Revolutionising Chinese higher education through digital innovation 

Chinese higher education

We know many Chinese students utilise AI for learning and creativity. Universities are used to adapting – it’s time to do so again, and to understand how to utilise new technologies according to experts at the QS China Summit 2024. During the Summit, higher education leaders highlighted the significance of Chinese universities using innovative digital pedagogical techniques to improve its standing in the global education arena.  

A panel discussion titled, ‘Fostering Distinction in Chinese Higher Education Through Digital Innovation’ explored the topic – while also tackling the challenges associated with embracing new technological advancements in education. 

What opportunities does Generative AI offer to revolutionise the curriculum?  

“We think that this is an opportunity to transform our curriculums to prepare our students for the digital innovation in the new realm and at our university, we’ve designed our lab to adopt AI”, said Professor Zhang Dongxiao, Provost and Executive Vice President at Eastern Institute of Technology

On the other hand, Professor Zhang also feels that it will be a challenge to adopt AI into university education. “Let’s say you’ve assigned an essay to the class. How can the professor tell which one is done by the student and not ChatGPT?” 

“We’ve lost the ability to do calculations in our head,” Professor Zhang remarked, transitioning to his next point about the skillsets he believes we are on the verge of losing. 

“It first became that you have a calculator so now we don’t need an abacus. Then of course, you don’t even need a calculator because you have a mobile phone. Even for the simplest maths, we just use our phones without even trying anymore. If we’re using AI and asking them to input keywords to create a whole new paragraph moving forward, we will soon lose our ability to write.” 

Professor Lyu Peiming, Executive Vice President at Tongji University on the other hand, has a more optimistic view. 

“I see new opportunities for universities as we can use the information technology to monitor how students learn and progress. Also, I believe teachers can change their teaching methodology to improve the efficiency and effectiveness of teaching for them. For the university administrators, we can then monitor the overall progress of students and faculty members. I really think if we use AI well, it can help to improve the overall teaching quality.”

Professor Lyu also shared that in his experience as Human Resource Manager, he has observed that many faculty members may be somewhat traditional in their approach and slower to adapt to changes compared to students. However, with the transformation underway and the external pressure they are facing, they will be encouraged to innovate and better serve their students. 

The future of tech degrees in China 

Professor Joe Qin, President of Lingnan University, provided insight into the current availability of tech-based course materials in China:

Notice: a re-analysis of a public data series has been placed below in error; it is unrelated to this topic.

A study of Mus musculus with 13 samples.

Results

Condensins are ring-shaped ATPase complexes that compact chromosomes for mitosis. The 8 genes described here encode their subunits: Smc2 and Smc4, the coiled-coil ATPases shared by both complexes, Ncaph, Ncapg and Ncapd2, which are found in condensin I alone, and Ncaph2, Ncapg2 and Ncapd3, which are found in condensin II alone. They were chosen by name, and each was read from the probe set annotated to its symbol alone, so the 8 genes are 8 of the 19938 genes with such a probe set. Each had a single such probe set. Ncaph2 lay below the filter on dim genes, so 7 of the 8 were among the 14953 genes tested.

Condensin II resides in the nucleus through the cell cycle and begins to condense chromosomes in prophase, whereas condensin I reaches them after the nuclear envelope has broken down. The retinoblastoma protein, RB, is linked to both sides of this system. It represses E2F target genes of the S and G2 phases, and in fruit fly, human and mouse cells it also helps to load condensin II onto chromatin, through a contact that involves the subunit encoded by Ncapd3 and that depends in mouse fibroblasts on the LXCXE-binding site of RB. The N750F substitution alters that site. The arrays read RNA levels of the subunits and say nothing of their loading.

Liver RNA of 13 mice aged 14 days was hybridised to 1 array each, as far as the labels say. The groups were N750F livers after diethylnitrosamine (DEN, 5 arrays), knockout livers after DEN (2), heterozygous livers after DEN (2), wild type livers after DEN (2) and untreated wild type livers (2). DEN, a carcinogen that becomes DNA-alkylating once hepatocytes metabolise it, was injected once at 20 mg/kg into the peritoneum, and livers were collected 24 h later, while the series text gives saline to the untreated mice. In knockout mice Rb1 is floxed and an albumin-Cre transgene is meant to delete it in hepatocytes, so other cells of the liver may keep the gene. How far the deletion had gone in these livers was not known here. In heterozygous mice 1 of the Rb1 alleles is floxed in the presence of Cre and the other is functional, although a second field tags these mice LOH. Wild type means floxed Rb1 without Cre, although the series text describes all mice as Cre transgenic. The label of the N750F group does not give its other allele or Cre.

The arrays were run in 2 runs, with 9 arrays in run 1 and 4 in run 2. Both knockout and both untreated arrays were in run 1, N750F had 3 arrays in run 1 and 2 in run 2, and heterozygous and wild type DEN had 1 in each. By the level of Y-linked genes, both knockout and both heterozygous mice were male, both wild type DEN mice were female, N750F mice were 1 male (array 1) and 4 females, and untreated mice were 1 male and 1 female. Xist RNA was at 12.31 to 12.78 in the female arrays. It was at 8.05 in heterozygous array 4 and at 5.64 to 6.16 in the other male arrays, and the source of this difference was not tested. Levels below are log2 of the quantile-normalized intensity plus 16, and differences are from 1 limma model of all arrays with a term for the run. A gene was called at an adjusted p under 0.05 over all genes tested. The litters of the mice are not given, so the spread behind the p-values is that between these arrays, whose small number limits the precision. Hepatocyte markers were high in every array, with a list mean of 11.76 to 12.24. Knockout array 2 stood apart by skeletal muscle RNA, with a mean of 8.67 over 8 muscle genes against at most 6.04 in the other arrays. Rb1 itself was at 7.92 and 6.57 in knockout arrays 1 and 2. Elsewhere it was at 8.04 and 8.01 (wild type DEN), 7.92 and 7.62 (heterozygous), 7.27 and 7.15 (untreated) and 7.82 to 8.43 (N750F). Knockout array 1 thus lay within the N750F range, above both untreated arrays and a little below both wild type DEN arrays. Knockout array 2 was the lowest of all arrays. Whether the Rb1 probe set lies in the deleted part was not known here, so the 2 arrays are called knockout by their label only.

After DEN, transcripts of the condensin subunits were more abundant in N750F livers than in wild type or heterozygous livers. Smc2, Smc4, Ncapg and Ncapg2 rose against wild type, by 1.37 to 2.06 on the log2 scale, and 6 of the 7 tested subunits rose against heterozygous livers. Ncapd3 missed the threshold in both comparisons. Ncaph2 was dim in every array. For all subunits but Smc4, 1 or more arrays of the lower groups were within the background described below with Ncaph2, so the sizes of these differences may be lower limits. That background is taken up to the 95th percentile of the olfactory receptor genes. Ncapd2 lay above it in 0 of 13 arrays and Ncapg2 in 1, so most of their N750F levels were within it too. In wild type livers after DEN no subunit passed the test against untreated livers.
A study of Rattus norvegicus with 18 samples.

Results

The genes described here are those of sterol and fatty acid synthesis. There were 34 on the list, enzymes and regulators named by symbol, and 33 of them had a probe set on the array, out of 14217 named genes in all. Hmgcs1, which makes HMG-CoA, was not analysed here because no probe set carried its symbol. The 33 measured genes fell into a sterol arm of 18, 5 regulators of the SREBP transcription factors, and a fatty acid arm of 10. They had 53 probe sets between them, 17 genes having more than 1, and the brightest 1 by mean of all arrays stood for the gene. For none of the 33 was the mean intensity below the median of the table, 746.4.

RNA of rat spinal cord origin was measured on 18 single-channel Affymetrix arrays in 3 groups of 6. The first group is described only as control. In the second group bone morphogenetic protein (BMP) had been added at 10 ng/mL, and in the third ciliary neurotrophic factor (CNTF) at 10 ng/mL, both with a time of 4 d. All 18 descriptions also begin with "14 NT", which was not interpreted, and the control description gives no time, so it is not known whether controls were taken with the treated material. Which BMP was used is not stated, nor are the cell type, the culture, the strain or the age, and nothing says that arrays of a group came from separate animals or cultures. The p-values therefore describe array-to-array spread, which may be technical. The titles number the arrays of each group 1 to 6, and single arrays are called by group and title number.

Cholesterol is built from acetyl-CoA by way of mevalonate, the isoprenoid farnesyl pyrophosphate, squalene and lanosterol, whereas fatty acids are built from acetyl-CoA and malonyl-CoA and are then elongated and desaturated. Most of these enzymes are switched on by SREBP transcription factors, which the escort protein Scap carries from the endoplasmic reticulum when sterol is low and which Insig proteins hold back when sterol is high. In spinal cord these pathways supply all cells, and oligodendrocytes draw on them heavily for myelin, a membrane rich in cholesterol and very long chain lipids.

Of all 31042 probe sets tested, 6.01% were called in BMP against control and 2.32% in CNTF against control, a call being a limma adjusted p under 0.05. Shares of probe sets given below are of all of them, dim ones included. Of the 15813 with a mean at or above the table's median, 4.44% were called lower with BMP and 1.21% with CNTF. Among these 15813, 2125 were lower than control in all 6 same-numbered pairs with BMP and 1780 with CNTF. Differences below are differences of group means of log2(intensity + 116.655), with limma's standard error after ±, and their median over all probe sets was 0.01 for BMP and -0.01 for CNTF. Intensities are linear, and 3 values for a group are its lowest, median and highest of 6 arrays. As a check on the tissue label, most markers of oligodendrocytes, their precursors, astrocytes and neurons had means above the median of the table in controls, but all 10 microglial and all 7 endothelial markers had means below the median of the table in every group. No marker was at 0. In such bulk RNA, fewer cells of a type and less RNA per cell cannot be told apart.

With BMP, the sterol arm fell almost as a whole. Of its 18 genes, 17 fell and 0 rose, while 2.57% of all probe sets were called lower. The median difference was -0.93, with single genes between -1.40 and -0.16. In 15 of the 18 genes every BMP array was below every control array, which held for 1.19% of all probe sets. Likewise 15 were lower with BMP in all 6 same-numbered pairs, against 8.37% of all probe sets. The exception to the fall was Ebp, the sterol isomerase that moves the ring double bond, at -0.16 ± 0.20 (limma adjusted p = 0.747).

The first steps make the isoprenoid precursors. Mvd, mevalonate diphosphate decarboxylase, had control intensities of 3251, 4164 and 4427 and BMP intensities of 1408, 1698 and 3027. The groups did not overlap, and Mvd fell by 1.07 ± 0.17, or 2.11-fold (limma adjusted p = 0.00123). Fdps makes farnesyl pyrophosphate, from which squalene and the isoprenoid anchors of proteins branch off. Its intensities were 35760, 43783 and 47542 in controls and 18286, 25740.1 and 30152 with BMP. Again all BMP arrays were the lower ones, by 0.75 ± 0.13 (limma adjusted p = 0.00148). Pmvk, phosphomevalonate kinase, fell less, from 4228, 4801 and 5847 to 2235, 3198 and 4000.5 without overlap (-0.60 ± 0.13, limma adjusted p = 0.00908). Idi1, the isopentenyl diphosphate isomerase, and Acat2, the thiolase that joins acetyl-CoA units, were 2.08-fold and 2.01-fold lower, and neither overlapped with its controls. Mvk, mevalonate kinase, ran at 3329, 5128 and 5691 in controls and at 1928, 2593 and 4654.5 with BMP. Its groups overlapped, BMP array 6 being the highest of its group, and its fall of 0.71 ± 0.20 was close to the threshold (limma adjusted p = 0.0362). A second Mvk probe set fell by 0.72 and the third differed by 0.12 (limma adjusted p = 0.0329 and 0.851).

“Five years ago, when I was looking at the number of data-science related programmes approved by the Ministry of Education in China, there were over 2,000 programmes being approved in a two-year span.” 

Given China’s rapidly evolving higher education landscape, as it integrates new AI-driven skills into the curriculum, is there a risk that AI could eventually become more cost effective and convenient than computer science? Will we see the number of these courses reduce or even disappear as a result? 

“I don’t think these majors would need to disappear,” Professor Qin says, “but they would need to take on a different form, particularly with the way they create experiences. The challenge we have now is how do we speed up our capacity to provide the needed talents for society?” 

QS Senior Consultant, Alice Wei Wei gave insight from the QS perspective. “If you look at the QS World University Rankings by Subject 2024 every year or every other year, we’re still introducing new subjects into the rankings.  For instance, last year we introduced rankings for Data Science & Artificial Intelligence, highlighting our recognition of the important of this field. It is also important to note that the addition of new subjects has not led to the removal of any existing subjects from our rankings.  

“In addition, QS believes that digital innovation plays a crucial role in higher education. The history of education development shows that technology and education evolve together. 

“In recent years, the vast potential of digital technologies, especially advancements in artificial intelligence, is being fully unleashed, offering new opportunities and challenges for reshaping educational models and fostering innovation. Accelerating the innovative application of technology in higher education may ultimately ensure educational equity and enhance the overall quality of education. 

“I think, to achieve these goals, instead of working in siloes, universities need to work together, sharing resources, co-developing initiatives and leveraging collective strengths and expertise. This approach can foster a more interconnected academic community and accelerate the adoption of innovative practice. Overall, collaboration is always more effective than working on your own.”